It’s a well-known fact that over 98% of smartphone malware targets Android. This is due to the fact that user can only download iOS apps from the human-curated App store, and Apple does a pretty impressive job preventing malicious software from entering its store. However, it’s focuses only on mass malware, which is intended to infect any user without exact targeting. The story is completely different when someone wants to spy on you personally. You don’t have to be a criminal, an influential businessman or event political activist to become a subject of such spying. Maybe you fall into the “suspicious” or “interesting” category by some other criteria, as we will see a little bit later. In this case, a spying agency can infect your iPhone too.
In some countries, different government agencies are able to penetrate a suspect’s computer or a smartphone for “monitoring” purposes or evidence collection. To do this, agencies typically use so-called “legal” spyware. There are international companies officially developing and selling this kind of software. One of such companies is the Italian firm HackingTeam, which develops Remote Control System (RCS) software aka Galileo. Kaspersky Lab monitors RCS infrastructure for some time and encountered Windows malware “implants” from RCS before. There were multiple hints in malicious files indicating the existence of smartphone “implants”, but we did not have a chance to obtain them in the wild. During recent Kaspersky Lab research in partnership with Morgan Marquis-Boire from Citizen Lab, new variants of malware were discovered. These new samples are actually smartphone Trojans that work on both Android and iOS.
The RCS mobile Trojans are capable of performing all kinds of spying you can expect from such a tool, including location reporting, taking photos, spying on SMS, WhatsApp and other messengers, stealing contacts and so on.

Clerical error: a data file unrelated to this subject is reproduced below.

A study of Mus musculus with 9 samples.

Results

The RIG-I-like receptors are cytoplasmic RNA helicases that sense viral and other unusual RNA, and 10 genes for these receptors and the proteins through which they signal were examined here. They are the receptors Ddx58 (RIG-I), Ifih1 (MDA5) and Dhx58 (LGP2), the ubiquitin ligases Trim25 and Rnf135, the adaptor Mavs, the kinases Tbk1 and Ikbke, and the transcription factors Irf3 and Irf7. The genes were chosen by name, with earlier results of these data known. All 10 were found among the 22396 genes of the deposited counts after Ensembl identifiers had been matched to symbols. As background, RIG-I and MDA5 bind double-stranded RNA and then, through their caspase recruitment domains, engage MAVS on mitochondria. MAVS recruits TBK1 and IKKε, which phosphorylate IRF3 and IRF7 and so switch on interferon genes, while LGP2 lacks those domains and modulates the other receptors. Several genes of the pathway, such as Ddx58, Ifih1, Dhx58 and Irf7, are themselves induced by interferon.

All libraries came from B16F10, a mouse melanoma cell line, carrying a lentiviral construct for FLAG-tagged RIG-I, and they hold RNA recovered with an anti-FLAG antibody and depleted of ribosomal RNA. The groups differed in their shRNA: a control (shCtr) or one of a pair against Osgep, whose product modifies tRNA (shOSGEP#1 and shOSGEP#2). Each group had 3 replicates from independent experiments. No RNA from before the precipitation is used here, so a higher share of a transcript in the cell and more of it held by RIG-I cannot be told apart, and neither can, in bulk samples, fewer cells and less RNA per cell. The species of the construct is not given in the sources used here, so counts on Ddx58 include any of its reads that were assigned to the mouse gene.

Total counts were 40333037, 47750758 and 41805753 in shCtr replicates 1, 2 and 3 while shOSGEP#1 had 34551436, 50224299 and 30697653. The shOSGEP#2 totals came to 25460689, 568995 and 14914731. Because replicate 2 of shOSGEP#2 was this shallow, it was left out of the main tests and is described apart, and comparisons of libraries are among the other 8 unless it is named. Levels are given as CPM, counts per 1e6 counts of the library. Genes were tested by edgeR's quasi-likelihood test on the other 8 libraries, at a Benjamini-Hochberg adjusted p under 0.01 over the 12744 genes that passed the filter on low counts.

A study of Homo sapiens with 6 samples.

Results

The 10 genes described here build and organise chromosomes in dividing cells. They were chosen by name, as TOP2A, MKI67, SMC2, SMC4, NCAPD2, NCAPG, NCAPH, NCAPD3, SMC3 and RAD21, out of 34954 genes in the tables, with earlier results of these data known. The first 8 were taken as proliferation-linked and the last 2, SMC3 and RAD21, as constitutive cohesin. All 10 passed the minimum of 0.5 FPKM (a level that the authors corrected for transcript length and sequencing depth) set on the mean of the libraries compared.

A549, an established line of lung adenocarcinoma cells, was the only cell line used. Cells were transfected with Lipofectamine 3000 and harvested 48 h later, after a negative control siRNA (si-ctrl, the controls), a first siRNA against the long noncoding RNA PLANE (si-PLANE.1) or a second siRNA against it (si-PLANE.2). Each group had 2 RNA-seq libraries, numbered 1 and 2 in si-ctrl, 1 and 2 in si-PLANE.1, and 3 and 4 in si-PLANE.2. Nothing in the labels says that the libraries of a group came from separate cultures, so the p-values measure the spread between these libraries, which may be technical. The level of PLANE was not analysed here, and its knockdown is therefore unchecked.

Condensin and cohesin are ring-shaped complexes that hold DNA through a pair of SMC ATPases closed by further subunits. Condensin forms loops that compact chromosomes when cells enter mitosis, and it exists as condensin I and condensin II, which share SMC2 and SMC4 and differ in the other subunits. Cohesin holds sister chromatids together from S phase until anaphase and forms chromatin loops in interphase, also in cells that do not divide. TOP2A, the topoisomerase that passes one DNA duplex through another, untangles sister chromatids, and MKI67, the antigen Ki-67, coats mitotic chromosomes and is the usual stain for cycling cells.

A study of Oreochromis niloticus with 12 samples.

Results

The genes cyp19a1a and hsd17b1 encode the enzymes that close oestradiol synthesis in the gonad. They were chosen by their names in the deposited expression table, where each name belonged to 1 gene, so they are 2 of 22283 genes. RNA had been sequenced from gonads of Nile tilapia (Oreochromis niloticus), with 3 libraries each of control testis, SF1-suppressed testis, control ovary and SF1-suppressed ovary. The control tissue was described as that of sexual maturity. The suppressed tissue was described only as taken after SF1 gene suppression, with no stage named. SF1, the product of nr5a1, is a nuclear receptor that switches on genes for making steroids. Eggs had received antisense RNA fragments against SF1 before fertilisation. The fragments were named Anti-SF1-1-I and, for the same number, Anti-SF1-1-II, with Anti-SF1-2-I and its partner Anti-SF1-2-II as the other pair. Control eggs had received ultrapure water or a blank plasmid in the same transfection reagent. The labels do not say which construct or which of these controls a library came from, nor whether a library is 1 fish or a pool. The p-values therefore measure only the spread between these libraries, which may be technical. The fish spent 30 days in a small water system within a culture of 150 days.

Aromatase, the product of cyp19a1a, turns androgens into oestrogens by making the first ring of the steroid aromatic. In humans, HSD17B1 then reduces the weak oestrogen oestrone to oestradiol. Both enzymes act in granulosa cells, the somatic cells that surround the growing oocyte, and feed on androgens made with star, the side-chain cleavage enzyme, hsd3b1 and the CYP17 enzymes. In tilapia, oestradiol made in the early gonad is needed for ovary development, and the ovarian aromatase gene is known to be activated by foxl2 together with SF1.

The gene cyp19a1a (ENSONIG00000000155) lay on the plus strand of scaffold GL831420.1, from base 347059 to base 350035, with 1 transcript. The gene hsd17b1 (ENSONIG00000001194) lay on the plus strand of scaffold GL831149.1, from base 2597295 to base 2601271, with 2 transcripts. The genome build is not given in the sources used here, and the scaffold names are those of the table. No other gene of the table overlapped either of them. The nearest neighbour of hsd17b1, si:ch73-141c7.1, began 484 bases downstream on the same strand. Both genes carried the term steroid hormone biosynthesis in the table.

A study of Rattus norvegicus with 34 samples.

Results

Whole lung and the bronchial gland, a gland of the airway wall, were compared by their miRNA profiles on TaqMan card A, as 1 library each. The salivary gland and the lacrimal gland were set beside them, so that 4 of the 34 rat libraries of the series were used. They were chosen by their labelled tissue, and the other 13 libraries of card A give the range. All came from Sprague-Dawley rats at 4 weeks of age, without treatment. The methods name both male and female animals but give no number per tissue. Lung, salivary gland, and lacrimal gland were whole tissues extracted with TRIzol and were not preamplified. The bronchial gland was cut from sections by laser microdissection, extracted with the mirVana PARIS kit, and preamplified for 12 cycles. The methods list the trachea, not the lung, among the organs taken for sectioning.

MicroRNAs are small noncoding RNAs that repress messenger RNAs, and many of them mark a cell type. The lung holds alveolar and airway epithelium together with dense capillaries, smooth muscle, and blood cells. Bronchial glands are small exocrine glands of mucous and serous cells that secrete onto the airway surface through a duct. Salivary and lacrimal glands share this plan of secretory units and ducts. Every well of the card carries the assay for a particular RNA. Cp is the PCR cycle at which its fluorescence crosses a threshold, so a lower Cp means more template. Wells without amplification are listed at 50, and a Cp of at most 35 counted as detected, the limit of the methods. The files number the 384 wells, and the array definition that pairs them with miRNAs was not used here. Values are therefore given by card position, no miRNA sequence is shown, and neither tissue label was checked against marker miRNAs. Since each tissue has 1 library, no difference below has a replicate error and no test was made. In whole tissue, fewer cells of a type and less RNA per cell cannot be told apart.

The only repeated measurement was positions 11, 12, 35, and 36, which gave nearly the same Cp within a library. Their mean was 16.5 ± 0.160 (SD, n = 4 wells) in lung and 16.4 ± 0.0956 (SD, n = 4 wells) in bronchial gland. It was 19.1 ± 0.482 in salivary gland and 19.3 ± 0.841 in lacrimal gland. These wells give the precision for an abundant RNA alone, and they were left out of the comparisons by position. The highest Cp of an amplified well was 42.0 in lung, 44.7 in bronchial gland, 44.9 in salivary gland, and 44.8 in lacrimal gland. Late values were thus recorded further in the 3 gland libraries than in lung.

Of course, there are limitations that may or may not allow attackers to hack a specific iPhone. First, it must run a “jailbreak-able” iOS version. For example, there is no known jailbreak for the most recent version, but previous ones are vulnerable. Second, an iPhone should be passcode-unlocked during the jailbreak. However, both conditions are not rare and spyware operators no doubt have many iOS-running trophies.
The list of victims indicated in the new research, conducted by Kaspersky Lab and Citizen Lab, includes activists and human rights advocates, as well as journalists and politicians. However, the interest in some victims is unclear. One notable example is a high school history teacher in the UK.
The majority of the discovered RCS control servers were based in the United States, Kazakhstan, Ecuador, the UK and Canada. Sergey Golovanov, Principal Security Researcher at Kaspersky Lab, said: “The presence of these servers in a given country doesn’t mean to say they are used by that particular country’s law enforcement agencies. However, it makes sense for the users of RCS to deploy servers in locations they control – where there are minimal risks of cross-border legal issues or server seizures.”
To avoid infection risks, Kaspersky Lab’s experts recommend that you, first of all, don’t jailbreak your iPhone, and secondly constantly update the iOS on your device to the latest version. In addition, running a robust security software on your computer greatly reduces the risk of getting infected.